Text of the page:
On 17 December 2014  EU legislators finally reached an agreement on key terms for the proposed Regulation on Interchange Fees for card-based payment transactions.  The Commission originally proposed the legislation in July 2013 but it has taken considerable time for the various EU governments and the European Parliament to agree on the detail.  Whilst the Regulation still needs to be formally approved by the European Parliament and Council, this is considered to be a formality and is expected to happen in  2015. It is possible that we will see some delay if the Regulation is to run in parallel with the new Payment Services Directive which has yet to be agreed.

Rates cap

It was agreed that cross-border debit card transactions will be capped at 0.2% of the transaction value and, for a period of 5 years and for domestic transactions only, member states can apply the cap of 0.2% to the “annual weighted average transaction value” of all domestic transactions within the card scheme.  After the initial 5 year period, the cap on domestic interchange rates will either be 0.2% of the transaction value or set at a fixed rate (which will be no more than five cents per transaction).  Credit card transactions  will be capped at 0.3% of the transaction value for both cross-border and domestic transactions. The caps will take effect six months after the legislation enters into force.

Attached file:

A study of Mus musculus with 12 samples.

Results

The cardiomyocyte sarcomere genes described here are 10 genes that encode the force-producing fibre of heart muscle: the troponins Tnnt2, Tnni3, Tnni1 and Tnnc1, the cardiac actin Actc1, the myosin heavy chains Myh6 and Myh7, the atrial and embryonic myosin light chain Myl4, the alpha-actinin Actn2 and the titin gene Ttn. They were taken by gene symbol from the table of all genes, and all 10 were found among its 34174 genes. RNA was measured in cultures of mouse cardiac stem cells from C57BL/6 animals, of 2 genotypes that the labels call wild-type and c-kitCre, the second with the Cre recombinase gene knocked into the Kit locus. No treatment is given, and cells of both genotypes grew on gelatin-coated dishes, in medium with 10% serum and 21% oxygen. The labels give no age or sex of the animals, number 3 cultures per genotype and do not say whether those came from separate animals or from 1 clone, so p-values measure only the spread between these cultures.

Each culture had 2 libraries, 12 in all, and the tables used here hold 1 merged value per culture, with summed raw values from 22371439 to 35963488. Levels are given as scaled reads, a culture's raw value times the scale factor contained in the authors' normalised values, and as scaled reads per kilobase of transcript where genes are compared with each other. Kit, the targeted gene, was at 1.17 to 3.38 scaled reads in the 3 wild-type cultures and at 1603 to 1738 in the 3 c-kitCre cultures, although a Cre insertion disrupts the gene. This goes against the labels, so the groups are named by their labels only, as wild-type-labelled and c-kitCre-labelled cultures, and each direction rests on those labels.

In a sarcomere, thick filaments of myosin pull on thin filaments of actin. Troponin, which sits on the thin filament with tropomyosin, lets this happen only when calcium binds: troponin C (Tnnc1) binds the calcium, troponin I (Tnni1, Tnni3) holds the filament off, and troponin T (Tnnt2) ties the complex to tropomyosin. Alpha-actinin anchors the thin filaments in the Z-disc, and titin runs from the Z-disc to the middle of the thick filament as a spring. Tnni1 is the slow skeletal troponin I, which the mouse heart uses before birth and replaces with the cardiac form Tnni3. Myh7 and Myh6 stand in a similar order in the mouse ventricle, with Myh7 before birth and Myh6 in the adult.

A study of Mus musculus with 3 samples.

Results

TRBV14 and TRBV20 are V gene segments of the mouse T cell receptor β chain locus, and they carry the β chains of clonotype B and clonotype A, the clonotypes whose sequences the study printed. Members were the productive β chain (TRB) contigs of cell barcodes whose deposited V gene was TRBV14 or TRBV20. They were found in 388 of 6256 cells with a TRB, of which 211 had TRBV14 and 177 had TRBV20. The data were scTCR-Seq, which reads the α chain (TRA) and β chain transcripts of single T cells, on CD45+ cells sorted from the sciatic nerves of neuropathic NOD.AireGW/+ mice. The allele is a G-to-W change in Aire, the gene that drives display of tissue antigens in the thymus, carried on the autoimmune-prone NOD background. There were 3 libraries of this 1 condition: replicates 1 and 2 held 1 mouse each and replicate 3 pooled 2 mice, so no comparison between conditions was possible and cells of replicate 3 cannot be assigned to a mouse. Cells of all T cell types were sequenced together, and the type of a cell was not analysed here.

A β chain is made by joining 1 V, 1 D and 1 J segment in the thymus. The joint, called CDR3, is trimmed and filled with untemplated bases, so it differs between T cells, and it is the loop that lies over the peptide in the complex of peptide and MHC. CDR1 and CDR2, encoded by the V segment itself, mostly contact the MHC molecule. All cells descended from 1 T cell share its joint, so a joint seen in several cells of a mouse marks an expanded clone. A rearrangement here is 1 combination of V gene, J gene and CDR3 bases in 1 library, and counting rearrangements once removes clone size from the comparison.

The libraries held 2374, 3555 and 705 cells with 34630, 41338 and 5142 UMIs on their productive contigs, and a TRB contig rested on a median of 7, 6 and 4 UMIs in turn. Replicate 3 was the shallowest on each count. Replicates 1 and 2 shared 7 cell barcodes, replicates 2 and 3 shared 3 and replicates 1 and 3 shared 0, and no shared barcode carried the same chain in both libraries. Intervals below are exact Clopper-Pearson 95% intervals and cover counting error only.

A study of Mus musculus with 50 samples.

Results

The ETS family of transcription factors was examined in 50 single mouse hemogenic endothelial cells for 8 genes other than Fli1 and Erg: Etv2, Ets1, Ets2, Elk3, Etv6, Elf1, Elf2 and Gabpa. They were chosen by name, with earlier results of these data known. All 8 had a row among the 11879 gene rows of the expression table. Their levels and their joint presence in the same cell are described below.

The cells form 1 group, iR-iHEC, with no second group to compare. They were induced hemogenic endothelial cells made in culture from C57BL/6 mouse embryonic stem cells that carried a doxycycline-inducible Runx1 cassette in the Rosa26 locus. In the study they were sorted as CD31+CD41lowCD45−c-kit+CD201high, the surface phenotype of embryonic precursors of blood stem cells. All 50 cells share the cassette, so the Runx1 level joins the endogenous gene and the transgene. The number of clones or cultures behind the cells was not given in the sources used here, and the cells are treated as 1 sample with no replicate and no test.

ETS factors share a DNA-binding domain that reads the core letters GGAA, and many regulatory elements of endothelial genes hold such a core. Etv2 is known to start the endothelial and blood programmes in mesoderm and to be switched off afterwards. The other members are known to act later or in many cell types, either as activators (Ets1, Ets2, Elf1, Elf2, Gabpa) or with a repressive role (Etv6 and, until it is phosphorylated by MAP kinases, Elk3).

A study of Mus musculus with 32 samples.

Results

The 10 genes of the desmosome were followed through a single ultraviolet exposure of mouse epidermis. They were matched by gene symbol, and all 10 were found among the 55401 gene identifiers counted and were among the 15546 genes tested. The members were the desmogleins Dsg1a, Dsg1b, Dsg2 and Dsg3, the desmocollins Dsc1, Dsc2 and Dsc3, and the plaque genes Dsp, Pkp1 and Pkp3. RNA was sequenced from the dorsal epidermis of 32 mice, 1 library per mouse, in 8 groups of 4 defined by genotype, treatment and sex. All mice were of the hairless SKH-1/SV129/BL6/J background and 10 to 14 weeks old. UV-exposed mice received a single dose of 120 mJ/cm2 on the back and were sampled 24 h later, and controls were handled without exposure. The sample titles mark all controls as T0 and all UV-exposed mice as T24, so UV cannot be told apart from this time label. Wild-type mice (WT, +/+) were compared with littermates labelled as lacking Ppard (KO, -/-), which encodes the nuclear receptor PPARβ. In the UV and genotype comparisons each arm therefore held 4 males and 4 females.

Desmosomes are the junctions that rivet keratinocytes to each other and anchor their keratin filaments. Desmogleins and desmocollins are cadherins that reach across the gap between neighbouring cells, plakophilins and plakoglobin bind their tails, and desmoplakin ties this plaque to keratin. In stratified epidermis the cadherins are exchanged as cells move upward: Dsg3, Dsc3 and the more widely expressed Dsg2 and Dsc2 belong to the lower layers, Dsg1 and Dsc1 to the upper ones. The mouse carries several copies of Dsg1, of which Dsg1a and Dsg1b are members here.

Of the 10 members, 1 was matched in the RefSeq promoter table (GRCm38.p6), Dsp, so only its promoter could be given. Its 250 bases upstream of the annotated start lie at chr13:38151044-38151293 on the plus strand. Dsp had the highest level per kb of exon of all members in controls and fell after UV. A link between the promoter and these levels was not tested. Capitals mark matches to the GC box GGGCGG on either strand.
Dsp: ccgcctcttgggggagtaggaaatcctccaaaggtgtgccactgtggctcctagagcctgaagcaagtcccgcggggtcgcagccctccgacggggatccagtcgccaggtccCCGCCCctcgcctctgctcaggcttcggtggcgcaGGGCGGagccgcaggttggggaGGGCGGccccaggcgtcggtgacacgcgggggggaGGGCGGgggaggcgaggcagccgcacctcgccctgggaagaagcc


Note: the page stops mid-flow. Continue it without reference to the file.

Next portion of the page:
The caps will not apply to commercial cards.

Three-Party Card Schemes

The new rules will not apply to so-called “three-party card schemes” (such as Diners and American Express) providing the card is both “issued and processed” within the same scheme.  However, in three years’ time the new rules will apply to three-party schemes where they licence other parties to issue cards.

Honour all cards

The new rules will break the honour all cards rule and retailers will be free to choose which cards to accept.

Comment

The Commission has welcomed the news, with the EU competition commissioner (Margrethe Vestager) stating that: “This legislation is good for consumers, good for business, and good for Europe. It will lead to lower prices and visibility of costs for consumers. It reduces a ‘tax’ levied on business by banks in the form of interchange fees, and releases the brakes that have so far held back innovation”. This view is not however shared by all stakeholders and the industry will no doubt review the drafting in detail to interpret and understand its full impact once it is released.